Oh, Google Maps. Sometimes you can’t live without it, but then there are moments when it’ll put your life in danger. And I mean literally. I remember when I was on holiday in Spain, and Google Maps has sent me straight to the highway, instead of the way to the beach.
Sure it was also my fault to some extent, as I should’ve been more careful. But nevertheless, I’m sure you got tricked by Google Maps at least once, and at the worst possible moment. In fact, even Google admits in its latest blog post that using just the compass and GPS is not the most convenient way of getting around in an unknown surrounding.
Hopefully, these misjudgments (on both sides) should happen less often now that Google is working on a new technology that should put your unintended wanderings to an end.
Namely, Google is developing a new project called Global Localization. This technique, as Google calls it, combines Visual Positioning Service (VPS), Google Street View, and of course AI to more accurately identify your current position, and give you more precise routes that won’t lead you to a blind street or into a canal.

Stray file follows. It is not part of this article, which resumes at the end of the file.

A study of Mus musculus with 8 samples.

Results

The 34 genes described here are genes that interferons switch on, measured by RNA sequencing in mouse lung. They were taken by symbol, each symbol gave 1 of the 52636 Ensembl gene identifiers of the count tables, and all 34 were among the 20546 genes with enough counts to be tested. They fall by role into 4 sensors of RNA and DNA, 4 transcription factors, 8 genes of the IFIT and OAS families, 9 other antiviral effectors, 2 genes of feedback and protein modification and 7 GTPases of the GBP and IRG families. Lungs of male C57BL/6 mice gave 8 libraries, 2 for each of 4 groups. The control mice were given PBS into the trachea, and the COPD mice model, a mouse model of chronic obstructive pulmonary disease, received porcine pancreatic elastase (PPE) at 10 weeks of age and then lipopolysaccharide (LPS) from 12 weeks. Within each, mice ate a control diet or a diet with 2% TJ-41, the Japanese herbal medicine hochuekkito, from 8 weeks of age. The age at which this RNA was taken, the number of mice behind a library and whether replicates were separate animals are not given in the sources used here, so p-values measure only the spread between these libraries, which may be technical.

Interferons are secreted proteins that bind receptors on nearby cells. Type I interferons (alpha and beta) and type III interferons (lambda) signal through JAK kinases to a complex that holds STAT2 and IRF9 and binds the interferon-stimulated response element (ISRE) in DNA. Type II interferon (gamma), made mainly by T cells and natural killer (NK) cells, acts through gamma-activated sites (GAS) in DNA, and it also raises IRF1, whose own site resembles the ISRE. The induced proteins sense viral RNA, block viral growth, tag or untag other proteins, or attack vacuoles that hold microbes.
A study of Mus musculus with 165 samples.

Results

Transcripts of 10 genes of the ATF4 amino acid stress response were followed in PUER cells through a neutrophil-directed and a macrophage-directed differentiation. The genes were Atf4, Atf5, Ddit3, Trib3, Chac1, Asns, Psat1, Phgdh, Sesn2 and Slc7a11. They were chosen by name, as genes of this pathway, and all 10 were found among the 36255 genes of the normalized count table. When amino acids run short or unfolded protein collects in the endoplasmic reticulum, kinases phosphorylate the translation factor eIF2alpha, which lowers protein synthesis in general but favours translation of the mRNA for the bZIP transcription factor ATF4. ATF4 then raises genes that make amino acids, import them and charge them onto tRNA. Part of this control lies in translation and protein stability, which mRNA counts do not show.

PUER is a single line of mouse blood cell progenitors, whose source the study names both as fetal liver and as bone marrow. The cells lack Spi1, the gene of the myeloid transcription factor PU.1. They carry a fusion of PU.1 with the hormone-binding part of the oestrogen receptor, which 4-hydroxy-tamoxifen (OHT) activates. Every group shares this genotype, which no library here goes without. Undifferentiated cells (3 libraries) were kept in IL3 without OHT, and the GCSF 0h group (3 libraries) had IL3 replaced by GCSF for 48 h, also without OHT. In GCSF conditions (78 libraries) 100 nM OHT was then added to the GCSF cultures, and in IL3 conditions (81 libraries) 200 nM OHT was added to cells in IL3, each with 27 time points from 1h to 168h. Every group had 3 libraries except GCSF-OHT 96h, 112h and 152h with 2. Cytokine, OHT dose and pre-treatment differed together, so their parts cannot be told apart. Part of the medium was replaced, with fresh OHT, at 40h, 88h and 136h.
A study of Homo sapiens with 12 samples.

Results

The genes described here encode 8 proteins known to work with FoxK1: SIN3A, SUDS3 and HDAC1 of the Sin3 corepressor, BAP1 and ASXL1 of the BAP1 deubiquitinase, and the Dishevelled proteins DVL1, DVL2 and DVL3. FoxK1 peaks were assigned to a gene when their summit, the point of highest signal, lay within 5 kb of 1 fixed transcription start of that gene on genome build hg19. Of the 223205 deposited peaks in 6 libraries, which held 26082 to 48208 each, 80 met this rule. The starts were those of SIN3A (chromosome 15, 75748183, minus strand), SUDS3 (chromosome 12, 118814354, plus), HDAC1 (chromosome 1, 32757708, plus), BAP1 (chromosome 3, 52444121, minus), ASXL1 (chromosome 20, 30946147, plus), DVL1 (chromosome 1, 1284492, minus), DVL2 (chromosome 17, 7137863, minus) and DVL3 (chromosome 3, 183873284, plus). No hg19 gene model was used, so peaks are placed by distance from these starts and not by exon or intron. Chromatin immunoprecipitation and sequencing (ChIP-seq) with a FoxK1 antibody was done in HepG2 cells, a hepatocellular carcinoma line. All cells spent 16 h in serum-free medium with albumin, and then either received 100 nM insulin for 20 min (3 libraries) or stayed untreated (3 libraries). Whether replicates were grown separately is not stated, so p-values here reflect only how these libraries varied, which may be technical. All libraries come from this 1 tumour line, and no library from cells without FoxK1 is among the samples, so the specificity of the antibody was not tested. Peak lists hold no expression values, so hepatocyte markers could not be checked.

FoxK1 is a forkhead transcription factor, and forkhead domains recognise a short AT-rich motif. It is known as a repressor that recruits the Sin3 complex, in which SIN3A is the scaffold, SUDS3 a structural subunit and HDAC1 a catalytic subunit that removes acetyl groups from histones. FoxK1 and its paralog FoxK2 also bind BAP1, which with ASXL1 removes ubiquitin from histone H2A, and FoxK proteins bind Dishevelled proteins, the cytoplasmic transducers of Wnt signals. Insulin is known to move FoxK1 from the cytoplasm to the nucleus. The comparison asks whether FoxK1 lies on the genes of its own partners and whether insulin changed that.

So, how does this feature work? Well, as said above, it combines the three mentioned features. First, there’s the Visual Positioning System, which is used by Google to create maps by combining pictures of landmarks with their coordinates. Then, there’s Street View which uses the VPS index to accurately determine your location and give you the preview of it. And finally, there will be some AI touches that will make sure you’ll get as accurate results as possible.
On paper, the method of using your camera to re-orientate surely seems more convenient than relying solely on the compass calibration and GPS. Will it be more effective and less error-prone? The time will tell.
Google has started testing this technology with select Local Guides, and we expect the public rollout sometime this year.